Qualified Domestic Minimum Top-up Taxes, the likely mechanism for Ireland’s corporation tax top-up regime has been saved
Qualified Domestic Minimum Top-up Taxes, the likely mechanism for Ireland’s corporation tax top-up regime
Tatiana Kelly, Senior Manager, Tax Technical & Policy Centre.
Following a recent major update from the OECD on its GloBE rules Tatiana Kelly analyses the latest guidance around Qualified Domestic Minimum Top-up Taxes and how they should be applied. The introduction of such rules is optional, and will likely only make sense for low tax jurisdictions and she writes that while a decision has not yet been announced that Ireland is highly likely to opt to do so.
A qualifying domestic top-up tax is defined in Article 10 of the OECD Model Rules. It means a minimum tax that is included in the domestic law of a jurisdiction and that:
- calculates the excess profits of constituent entities located in the jurisdiction in a way that is equivalent to the GloBE Rules;
- increases the domestic tax liability to the minimum rate on the domestic excess profits for a fiscal year; and
- is implemented and administered in a way that is consistent with the GloBE Rules and the Commentary.
On 2 February 2023, the OECD released the Administrative Guidance (Guidance). Its publication followed the release of the Pillar Two Model Rules in December 2021 and a Commentary in March 2022, as well as rules for safe harbors and penalty relief released in December 2022. The guidance was agreed by consensus of all 142 countries and jurisdictions in the OECD/G20 inclusive framework. It forms part of the implementation framework under which countries are not required to adopt the GloBE rules but, if they choose to do so, they agree to implement and administer the rules in a way that is consistent with the outcomes provided for under the Pillar Two Model Rules and any subsequent guidance agreed by the inclusive framework.
Key takeaways from the Administrative Guidance on QDMTT
A QDMTT need not follow the detailed rules applicable to the IIR and the UTPR described in the Model Rules and related Commentary, but a QDMTT must be implemented and administered in a way that is consistent with the agreed outcomes provided for under the GloBE rules. The Guidance contains further guidance on QDMTTs to assist tax administrations in determining whether a minimum tax will be recognised and respected as a QDMTT. Specifically, with respect to each chapter of the Model Rules, the Guidance identifies the degree to which a QDMTT must conform to or can vary from the requirements of such chapter. For example, whereas only companies with more than €750 million of turnover are in scope under the model rules, a QDMTT can apply to companies with less revenue, but the threshold cannot be set above €750 million.
A number of rules with respect to QDMTTs are worthy of note:
- Article 4.3.2(c) of the Model Rules provides that covered taxes included in the financial accounts of a constituent entity’s direct or indirect constituent entity-owners under a CFC tax regime are allocated to the constituent entity that earned the income giving rise to the CFC inclusion. This rule is turned off for purposes of the QDMTT, with the effect that the QDMTT jurisdiction has the primary right to tax income under the QDMTT arising in its jurisdiction.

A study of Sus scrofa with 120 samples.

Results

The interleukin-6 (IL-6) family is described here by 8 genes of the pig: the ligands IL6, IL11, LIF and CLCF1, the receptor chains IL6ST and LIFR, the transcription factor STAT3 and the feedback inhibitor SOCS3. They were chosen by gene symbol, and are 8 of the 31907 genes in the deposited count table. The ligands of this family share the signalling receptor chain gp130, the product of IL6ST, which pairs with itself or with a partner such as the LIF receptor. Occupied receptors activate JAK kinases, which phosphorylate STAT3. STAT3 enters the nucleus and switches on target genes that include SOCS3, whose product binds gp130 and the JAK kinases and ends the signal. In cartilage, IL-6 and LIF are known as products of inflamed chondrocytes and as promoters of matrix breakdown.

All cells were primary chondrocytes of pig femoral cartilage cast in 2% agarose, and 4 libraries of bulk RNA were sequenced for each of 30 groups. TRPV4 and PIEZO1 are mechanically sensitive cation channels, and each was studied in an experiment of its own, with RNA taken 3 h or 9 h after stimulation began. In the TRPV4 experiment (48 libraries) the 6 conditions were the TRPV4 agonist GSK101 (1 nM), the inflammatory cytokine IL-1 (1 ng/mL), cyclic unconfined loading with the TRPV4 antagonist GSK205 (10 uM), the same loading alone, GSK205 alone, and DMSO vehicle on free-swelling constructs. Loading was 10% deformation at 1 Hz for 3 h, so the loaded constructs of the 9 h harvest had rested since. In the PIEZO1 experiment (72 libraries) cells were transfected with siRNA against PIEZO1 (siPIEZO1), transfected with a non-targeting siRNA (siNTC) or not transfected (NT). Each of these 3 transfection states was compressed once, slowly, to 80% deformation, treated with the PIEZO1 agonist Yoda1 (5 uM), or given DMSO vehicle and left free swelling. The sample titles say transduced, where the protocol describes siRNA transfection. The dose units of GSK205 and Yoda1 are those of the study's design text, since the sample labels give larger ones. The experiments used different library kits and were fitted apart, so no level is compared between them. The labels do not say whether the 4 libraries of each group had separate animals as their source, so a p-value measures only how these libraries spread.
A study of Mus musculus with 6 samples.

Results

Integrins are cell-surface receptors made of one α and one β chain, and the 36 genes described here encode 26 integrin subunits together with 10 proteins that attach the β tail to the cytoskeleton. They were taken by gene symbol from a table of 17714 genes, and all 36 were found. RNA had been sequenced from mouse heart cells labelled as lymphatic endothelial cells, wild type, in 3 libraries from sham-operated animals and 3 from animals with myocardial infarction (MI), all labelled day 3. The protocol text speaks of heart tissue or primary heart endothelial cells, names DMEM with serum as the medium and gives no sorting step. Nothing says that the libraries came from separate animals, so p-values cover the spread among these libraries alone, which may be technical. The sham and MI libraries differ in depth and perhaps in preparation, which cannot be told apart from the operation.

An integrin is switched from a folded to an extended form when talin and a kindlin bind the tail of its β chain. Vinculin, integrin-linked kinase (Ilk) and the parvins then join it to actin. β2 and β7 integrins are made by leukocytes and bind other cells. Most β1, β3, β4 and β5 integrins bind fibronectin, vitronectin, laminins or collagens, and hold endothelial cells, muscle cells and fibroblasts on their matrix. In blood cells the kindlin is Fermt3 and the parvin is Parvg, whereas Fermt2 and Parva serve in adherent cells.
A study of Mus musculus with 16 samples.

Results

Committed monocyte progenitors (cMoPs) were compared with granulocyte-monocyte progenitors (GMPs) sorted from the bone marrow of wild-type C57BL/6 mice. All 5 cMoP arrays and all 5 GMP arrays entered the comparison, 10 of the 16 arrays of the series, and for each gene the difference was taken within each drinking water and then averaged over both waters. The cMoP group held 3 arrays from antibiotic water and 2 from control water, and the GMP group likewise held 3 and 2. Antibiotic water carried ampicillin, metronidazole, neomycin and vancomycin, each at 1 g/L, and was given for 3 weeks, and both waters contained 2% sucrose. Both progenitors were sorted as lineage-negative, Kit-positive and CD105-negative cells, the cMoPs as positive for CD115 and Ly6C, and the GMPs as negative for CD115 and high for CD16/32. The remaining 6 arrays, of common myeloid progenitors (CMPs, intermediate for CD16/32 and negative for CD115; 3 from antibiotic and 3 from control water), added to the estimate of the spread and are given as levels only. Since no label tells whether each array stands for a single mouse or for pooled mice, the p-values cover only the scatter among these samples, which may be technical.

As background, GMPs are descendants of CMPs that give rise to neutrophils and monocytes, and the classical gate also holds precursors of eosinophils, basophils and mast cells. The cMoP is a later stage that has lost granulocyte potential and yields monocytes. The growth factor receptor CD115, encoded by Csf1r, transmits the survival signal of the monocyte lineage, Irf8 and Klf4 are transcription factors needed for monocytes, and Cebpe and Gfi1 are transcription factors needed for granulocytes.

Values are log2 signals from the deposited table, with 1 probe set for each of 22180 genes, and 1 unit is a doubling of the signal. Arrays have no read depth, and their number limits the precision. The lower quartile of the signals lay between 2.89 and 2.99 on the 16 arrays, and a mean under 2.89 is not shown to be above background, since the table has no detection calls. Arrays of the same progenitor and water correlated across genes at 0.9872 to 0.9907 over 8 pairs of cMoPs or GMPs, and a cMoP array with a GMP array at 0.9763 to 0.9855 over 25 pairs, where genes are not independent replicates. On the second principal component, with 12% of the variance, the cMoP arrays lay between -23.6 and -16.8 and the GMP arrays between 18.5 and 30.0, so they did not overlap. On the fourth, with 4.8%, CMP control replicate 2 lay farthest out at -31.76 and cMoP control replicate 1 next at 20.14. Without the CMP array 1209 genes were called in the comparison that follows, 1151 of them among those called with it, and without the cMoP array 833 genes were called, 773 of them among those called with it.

- A QDMTT should contain safe harbours that align with the safe harbours agreed under the GloBE rules, including the transitional CbC safe harbours contained in the December 2022 Guidance.
- A QDMTT need not contain a “Substance-Based Income Exclusion” (“SBIE”) based on payroll and assets in a jurisdiction but, if it does include one, it cannot be more generous (but can be less generous) than the SBIE in the model rules.
Under the model rules, a QDMTT results in a credit against either an IIR or a UTPR. In certain circumstances a credit resulting from the application of the QDMTT may eliminate any further top-up tax under an IIR or a UTPR. That may not always be the case, due in part, for example, to the fact that a QDMTT may be determined by reference to a local financial accounting standard, as opposed to the financial accounting standard of the ultimate parent entity. The administrative guidance explains that the inclusive framework will undertake further work on developing a QDMTT safe harbour, the effect of which would be to eliminate any residual IIR or UTPR when the QDMTT safe harbour applies.
The Guidance will be incorporated into a revised version of the Commentary that will be released later this year (2023) (and will replace the original version of the Commentary issued in March 2022). The examples included in the Administrative Guidance will be incorporated into a revised set of detailed examples that will be released alongside the revised Commentary. The Inclusive Framework will continue to consider Administrative Guidance priorities on an ongoing basis, where more clarity is required, with the aim of releasing guidance throughout the year, as soon as it is agreed, so that the Inclusive Framework members can meet their implementation schedule.
Countries have the option to adopt a QDMTT in order to meet the required 15% minimum effective tax rate and they need to elect into the QDMTT regime. For example, high taxed countries may decide not to implement a QDMTT, as a QDMTT may only increase the administrative burden without necessarily resulting in any additioWnal tax take. Ireland has not announced to date whether it will elect into the QDMTT regime. However, as our 12.5% trading rate of corporation tax is below the agreed 15% minimum effective rate, it is very likely that Ireland will elect in.
Please note this article first featured in the Irish Tax Monitor in April 2023 and was re-published kindly with their permission on our website.